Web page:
One of the worst-kept secrets in the industry has been Apple’s determination to get into the TV business. The company has been working for years trying to put together an online TV service, hoping to offer 25 channels for between $30 and $40 monthly. That project seemed to have been put on hold when AAPL and broadcasters couldn’t reach an agreement on price.
But Alphabet has just succeeded where Apple failed.
YouTube TV — live TV from over 40 providers including the big networks for $35 per month — is now official.
YouTube TV Takes on Cable
YouTube TV was announced on Tuesday. Launching “soon” in the U.S., this is Google’s skinny TV bundle for cord cutters. The four major networks are onboard. So is Walt Disney Co’s (NYSE:DIS) ESPN, along with regional sports networks. Google is also including some content from its premium YouTube Red service. All told, there will be over 40 different content providers — not bad for $35 per month.
Subscribers get unlimited cloud DVR storage, search powered by Google’s AI, six user accounts (three streams can be active simultaneously) and the ability to watch YouTube TV on a variety of devices including smartphones, tablets, PCs and Google Chromecast.
In other word, this is pretty much what Apple has been struggling to release.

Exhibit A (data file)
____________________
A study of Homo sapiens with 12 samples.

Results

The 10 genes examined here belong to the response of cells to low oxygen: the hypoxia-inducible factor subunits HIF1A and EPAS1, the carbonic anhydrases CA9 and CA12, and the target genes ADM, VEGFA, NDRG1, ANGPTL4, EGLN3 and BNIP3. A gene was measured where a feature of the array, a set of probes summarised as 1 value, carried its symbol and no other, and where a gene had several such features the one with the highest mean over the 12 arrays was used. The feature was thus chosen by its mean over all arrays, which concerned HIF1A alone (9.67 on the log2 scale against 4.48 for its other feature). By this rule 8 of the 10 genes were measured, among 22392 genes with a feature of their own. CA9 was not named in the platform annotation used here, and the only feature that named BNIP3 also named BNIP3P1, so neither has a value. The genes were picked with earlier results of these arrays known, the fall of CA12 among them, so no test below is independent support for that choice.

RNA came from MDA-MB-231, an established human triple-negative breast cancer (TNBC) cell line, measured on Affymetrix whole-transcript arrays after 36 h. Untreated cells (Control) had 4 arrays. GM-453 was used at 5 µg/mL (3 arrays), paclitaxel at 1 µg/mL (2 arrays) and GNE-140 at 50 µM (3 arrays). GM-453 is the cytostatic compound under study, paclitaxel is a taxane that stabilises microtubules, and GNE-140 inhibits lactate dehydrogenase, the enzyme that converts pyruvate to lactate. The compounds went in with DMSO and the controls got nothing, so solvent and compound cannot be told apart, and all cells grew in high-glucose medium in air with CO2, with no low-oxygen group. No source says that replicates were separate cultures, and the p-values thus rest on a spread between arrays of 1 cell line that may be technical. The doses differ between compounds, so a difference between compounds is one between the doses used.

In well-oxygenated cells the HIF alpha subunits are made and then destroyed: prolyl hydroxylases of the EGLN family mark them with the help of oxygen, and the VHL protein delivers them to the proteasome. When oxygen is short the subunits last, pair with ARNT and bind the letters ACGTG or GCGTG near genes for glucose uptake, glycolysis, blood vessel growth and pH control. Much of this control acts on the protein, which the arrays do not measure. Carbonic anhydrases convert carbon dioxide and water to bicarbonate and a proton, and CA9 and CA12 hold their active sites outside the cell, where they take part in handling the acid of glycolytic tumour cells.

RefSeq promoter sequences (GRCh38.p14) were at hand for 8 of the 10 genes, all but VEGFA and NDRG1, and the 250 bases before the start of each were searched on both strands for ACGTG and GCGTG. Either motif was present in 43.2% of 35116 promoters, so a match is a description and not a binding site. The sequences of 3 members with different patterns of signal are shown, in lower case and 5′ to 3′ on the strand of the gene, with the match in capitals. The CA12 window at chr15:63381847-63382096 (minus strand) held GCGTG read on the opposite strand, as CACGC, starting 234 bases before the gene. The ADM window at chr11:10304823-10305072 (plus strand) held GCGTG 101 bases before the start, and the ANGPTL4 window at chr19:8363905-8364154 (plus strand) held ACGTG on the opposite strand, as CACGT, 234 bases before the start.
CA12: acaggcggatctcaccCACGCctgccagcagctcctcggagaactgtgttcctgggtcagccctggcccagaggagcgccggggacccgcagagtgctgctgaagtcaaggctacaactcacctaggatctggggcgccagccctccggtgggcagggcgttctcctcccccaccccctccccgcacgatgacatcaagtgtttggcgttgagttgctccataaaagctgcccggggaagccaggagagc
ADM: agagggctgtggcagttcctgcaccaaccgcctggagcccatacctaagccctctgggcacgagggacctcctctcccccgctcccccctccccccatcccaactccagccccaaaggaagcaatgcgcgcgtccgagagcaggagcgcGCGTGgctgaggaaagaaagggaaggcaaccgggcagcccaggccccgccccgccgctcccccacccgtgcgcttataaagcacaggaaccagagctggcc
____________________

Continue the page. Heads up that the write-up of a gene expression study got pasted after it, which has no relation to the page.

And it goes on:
YouTubeTV is Eerily Similar to Apple’s Television Plans
Apple has to have been watching Google’s YouTube TV announcement with dismay. Its rival beat it to the punch with the streaming TV bundle it had envisioned offering with the Apple TV.
What makes it even more galling is how close YouTube TV is to what AAPL was negotiating.
In May 2015, AAPL and CBS Corporation (NYSE:CBS) were in talks about a subscription Apple television streaming service, but money was reportedly a sticking point. In December of that year, CBS CEO Les Moonves confirmed to Business Insider that his network had been in talks with Apple, and were close to settling on a monthly price to charge consumers. Moonves was throwing around $35 — exactly the price that YouTube TV is charging.
Apple balked. Apparently Google was waiting in the wings.
Where Does This Leave AAPL and Its TV Strategy?
At this point, Apple’s entire television strategy seems to be struggling.